The Not-So-Difficult Transgender Debate

Recently I spoke with a military chaplain who has a transgender soldier in his unit who identifies as a woman. The serviceman has gone through the hormonal and surgical procedures. Should the chaplain use the male or female name? What is the loving thing to do?

My purpose here is not to argue men are made men and women, women. Scripture is unmistakable and even in our crazy modern world, most evangelicals still agree. The confusion seems to rest on how Christians should address the transgender. In fact, many pastors in the chaplain’s conservative denomination were split on what to do.

Some Straw Men

Before we begin, let me give a few disclaimers. First, we’re not talking about scenarios of ignorance. If Mrs. Smith asks for the cereal and I say “in aisle three, ma’am”, I’m not complicit in the lie when I learn later it was actually Mr. Smith to whom I was talking. Because Scripture considers motive in moral acts, the scenario in paragraph one does not fit this description.

Second, the relative ease of this ethical dilemma is in reference to the concept not the operation. The transgender issue is not difficult to comprehend but it is difficult to carry out. That is, it is not hard to understand that God created Bruce as Bruce and he will never for all of eternity cease to be Bruce and somehow morph into Caitlyn. But holding firm in this conviction—come what may—is an uphill trek. Jobs, income, friendships, and promotions are on the line. Courage is the order of the day.

Third, transgenders are not the enemy. They are the mission field. We grieve over sad cases like Miss Beggs, for example, who wants to be called a boy wrestler. The many like her battling this sin should hear a robust gospel message with love in our hearts. But truth and love are never at odds.

But as far as the objective response to the military issue above, the transgender debate really belongs in the beginner level of ethical dilemmas. Insinuating any less is to belie just how much the spirit of the age has fashioned us. Here are five reasons this is a not-so-difficult matter.

Five Reasons 

First, this ethical conundrum is relatively easy because of the early emphasis Scripture gives to manhood and womanhood. True. Some doctrines in Scripture are “hard to understand” (2Pt. 3:16), but gender identify isn’t one of them. The transgender debate isn’t on par with issues like just war or removal of life support. Gender identity is on page one of our Bibles. Scripture is clear that God made his image bearers as male and female (Gn. 1:27). Transgenderism is the refusal to accept the God-ordained differences between the sexes. “From the beginning” (Mt. 19:4) God created humans as “male and female” (Gn. 5:2).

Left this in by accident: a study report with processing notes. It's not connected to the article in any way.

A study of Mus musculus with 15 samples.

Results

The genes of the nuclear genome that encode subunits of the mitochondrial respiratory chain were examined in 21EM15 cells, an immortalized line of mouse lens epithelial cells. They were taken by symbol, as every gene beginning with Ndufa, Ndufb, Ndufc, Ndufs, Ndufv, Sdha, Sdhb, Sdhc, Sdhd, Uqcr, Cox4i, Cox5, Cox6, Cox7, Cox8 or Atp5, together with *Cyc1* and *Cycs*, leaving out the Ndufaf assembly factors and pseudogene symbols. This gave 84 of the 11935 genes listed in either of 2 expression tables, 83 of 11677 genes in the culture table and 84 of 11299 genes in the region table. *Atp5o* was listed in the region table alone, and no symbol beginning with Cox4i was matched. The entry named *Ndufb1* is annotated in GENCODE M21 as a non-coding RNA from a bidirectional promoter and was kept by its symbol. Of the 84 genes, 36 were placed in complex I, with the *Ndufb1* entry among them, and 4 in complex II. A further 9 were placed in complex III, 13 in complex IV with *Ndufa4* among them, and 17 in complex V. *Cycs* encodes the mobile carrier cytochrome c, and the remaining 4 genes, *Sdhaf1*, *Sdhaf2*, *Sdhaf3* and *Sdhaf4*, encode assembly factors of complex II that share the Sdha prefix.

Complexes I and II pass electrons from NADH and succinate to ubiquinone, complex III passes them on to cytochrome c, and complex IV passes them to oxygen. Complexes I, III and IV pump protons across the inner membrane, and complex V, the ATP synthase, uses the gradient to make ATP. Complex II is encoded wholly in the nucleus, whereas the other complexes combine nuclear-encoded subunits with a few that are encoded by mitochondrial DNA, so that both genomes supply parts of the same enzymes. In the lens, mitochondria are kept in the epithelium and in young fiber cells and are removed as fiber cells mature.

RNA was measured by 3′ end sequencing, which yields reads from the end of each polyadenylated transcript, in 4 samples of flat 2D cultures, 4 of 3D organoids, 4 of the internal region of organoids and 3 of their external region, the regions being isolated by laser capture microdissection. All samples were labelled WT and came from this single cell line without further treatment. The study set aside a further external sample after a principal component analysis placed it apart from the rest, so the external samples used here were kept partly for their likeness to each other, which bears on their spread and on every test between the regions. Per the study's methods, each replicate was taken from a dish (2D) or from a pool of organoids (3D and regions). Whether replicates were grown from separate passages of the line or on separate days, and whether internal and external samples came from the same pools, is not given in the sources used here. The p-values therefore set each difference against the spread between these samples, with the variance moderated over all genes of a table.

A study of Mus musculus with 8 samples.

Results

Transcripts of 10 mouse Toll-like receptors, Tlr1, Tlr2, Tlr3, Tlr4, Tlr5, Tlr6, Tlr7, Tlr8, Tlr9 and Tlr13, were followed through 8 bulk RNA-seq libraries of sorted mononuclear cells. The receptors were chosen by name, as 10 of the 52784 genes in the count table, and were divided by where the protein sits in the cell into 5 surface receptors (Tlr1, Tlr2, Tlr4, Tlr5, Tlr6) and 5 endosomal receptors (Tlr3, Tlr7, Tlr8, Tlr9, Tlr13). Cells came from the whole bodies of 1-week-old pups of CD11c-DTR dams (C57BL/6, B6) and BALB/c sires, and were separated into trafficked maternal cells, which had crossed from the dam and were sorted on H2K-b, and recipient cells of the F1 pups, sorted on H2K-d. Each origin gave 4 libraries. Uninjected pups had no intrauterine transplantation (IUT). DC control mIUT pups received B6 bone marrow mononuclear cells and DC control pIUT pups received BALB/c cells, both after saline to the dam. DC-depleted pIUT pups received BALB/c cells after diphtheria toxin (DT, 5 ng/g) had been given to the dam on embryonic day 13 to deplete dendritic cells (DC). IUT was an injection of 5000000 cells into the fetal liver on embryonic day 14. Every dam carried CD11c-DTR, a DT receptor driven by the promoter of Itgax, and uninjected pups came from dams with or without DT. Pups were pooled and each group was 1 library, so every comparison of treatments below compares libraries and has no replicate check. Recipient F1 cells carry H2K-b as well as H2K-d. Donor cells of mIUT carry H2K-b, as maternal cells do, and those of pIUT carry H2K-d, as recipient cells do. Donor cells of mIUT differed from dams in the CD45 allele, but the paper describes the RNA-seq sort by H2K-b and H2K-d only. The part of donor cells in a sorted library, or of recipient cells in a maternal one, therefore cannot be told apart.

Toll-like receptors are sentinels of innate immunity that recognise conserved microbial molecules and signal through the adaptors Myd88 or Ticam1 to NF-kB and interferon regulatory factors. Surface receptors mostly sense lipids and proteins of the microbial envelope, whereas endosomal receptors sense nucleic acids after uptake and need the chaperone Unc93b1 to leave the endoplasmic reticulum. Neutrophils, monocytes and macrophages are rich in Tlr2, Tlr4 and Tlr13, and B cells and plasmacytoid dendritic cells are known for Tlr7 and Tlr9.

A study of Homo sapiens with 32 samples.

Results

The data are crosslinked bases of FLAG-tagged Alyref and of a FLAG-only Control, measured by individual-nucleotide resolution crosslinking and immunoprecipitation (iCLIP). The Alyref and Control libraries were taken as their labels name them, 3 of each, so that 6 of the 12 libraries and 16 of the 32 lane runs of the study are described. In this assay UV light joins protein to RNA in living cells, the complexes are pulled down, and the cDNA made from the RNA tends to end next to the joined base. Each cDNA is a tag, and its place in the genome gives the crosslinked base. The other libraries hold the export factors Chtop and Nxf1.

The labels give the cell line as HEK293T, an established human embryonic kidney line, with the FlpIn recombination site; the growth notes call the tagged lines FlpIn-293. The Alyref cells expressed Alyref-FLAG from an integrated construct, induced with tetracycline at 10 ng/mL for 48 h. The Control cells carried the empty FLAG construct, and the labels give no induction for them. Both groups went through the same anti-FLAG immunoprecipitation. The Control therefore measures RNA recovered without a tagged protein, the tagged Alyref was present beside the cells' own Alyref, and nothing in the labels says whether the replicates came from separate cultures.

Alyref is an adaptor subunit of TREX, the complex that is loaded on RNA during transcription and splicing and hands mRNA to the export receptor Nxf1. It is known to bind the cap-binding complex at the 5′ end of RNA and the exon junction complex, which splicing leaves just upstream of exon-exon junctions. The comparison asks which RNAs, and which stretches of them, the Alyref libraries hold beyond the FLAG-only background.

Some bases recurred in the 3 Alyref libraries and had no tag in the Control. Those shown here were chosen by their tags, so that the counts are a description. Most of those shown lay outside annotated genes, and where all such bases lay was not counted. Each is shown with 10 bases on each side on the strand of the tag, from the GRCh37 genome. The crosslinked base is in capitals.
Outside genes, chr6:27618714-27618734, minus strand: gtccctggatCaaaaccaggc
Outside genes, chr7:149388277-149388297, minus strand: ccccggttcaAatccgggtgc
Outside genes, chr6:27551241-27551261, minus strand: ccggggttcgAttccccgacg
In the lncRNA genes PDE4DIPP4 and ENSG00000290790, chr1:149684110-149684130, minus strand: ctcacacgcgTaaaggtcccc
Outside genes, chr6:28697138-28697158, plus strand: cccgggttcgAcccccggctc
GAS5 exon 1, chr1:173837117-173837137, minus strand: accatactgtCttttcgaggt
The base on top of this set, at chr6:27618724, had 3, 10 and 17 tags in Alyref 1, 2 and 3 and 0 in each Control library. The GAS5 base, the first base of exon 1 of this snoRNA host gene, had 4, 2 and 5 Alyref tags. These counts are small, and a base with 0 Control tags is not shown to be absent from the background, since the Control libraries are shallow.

Second, only a twisted definition of biblical love is able to accommodate transgender vocabulary. He who defines the words, defeats in war. The world has stolen the term “love” and the church doesn’t seem to mind. But the Bible defines love clearly. “Love rejoices in the truth” (1Co. 13:6)—even if it hurts. Love never tells a lie. Love often hurts people’s feelings (Pr. 27:6). John Piper is on point:

We live in an emotionally fragile age. People are easily offended and describe their response to being criticized as being hurt. In fact, we live in a time when emotional offense, or woundedness, often becomes a criterion for deciding if love has been shown. If a person can claim to have been hurt by what you say, it is assumed by many that you did not act in love. In other words, love is not defined by the quality of the act and its motives, but by the subjective response of others. In this way of relating, the wounded one has absolute authority. If he says you hurt him, then you cannot have acted lovingly. You are guilty.

Third, Scripture commands Christians to “expose”, not gloss over, the worthless deeds of darkness (Eph. 5:11). Do this lovingly (v. 18), even though the response will often be offense. The Pharisees were often “offended” by Jesus’ words (Mt. 15:12). The cross—the greatest act of love ever—was met with fury (Mt. 27:41-42). His inner circle was not exempt. Jesus called his disciples “evil” (Mt. 7:11), “of little faith” (Mt. 6:30), and “faithless” (Mt. 17:17). Offensive? Yes. Loving? Yes.

Fourth, it will not due to say Scripture is largely silent on the matter of transgenderism. This is a ploy to sneak vice through the back door. Scripture doesn’t say anything about hijacking airplanes either, but no one is arguing for this. Wise students of the Bible must learn how to take general biblical statements and apply them to specific situations. For example: (1) Stealing is sinful (Ex. 20:15). (2) Hijacking an airplane is stealing. (Conclusion) Hijacking an airplane is sinful. Or, (1) Lying is sinful (Ex. 20:16) (2) Deliberately calling a man a woman is lying. (Conclusion): Calling a man a woman is sinful.

Fifth, if “love”, evangelism, and kindness are the criteria for calling Bill “Jane”, then we have removed the guard rails for similar scenarios. The Catholic cardinal in your town and the Jehovah’s Witness next door consider themselves “Christian”, even though they are both headed to hell. Refusing to call them Christian will offend them but is the loving thing to do. Then why change the rules in the transgender debate?

Conclusion

It is not enough for Christians to merely accept this truth of gender identity. Christians should love it. It is not just true the soldier is a man. It is good and glorious. So why dodge the transgender issue by using linguistic gymnastics like “I’ll use a feminine pronoun to show love” or “I’ll just use his last name” or “I’ll use generic terms”? God’s works are never embarrassing. To be sure, we shouldn’t look for a fight, but we shouldn’t avoid one either. We love truth because we love Christ. To deny any truth—at least for that moment—is to deny Christ (Jn. 14:6).